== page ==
Identical twin sopranos Naomi and Hannah Moxon play Eastbourne

Identical twin sopranos Naomi and Hannah Moxon are identically delighted at the return to live concerts.

Classical Reflection
Classical Reflection

Performing as Classical Reflection, they join a line-up including Paul Potts, Paul’s fellow Britain’s Got Talent winner Colin Thackery and classical crossover soprano Joanna Forest in a special night in support of Chestnut Tree House children’s hospice at the Royal Hippodrome Theatre in Eastbourne on Thursday, September 16.

As Naomi says: “It has been really really tough on the arts and on performers and on businesses (during the pandemic), but I have to say we have been really lucky. We have been teaching. We have been doing a lot by Zoom and when we could, when the children went back to schools, we have a glass screen that we teach through, but we have also done a lot of virtual lessons. They have been great. All the students are loving them and they have been getting their qualifications.”

But as Hannah says, not being able to perform has been tough: “But we really have had it relatively easy and we have been able to do quite a few virtual events across different platforms that people have been able to tune into. We did one for Guide Dogs. We did their Christmas carol concert which was pre-recorded and aired to people. There have been some really great and innovative ways of still getting music to people and getting people involved. So many people have been very creative and it has helped a lot of people. Things don’t always have to be in person. You can get round it.”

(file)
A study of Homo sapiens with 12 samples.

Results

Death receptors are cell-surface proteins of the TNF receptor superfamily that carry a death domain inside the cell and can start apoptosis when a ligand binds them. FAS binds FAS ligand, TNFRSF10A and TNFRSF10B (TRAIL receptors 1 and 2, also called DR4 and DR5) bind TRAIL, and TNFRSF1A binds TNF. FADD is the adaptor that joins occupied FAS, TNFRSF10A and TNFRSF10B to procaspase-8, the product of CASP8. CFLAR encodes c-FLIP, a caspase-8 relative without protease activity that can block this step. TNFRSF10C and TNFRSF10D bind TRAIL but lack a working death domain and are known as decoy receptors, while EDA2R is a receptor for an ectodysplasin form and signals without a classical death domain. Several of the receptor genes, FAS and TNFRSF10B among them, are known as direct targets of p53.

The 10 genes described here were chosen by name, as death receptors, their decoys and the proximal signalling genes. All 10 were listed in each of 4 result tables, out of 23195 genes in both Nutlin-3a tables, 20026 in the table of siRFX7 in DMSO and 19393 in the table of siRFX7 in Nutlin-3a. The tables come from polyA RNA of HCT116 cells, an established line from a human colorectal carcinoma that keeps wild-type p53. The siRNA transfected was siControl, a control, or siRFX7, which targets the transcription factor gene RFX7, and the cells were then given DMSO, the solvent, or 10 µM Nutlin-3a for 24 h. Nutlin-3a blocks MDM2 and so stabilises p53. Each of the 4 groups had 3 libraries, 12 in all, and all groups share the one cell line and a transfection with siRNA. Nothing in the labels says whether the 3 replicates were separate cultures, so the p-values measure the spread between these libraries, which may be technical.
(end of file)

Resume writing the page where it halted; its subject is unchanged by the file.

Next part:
It has underlined the importance of music in our lives: “Music is a big part of our communities. People are really thankful that we are able to come back together. I do think we will feel quite nervous actually. When we were doing everything virtually, it was very different to having a live audience, but I am sure it will all come back and we will feel just the same.”

    And while the great consolation has been for so many that at least we have all been in the same boat, for Hannah and Naomi they have also had each other, of course.

    “We have missed the performing,” says Hannah. “It is like part of our identity. That’s why we are so excited to get back, but we have certainly been lucky to have each other.”

    And they will certainly stay as a duo, Naomi says: “It is part of our partnership of being twins. We will always do it together. We have never known it any different, but being twins is like having a very, very close sibling, like having a copy of yourself. People say that twins will know what the other one is thinking, but I think it is more a question of knowing what the other one would be thinking because you know how you would think yourself in that situation. We have very similar voices. We have very similar personalities and likes and dislikes.”

    As Hannah says, they have the same tastes in music and food and clothes, and yes, they do dress similarly – simply because their tastes are so similar: “We feel it is a blessing. We never think it is an annoyance. We still have the same occasional arguments that any sisters would have, but the fact that we are so close means that we work so well together.”

    Tickets are priced at £27 (concession £25) and are available from or by phoning 01323 802020. All profits from the concert will go directly to Chestnut Tree House to help provide vital care for local children and young people with life-shortening conditions.

    Chestnut Tree House cares for children with life-shortening conditions and their families in Sussex and south-east Hampshire.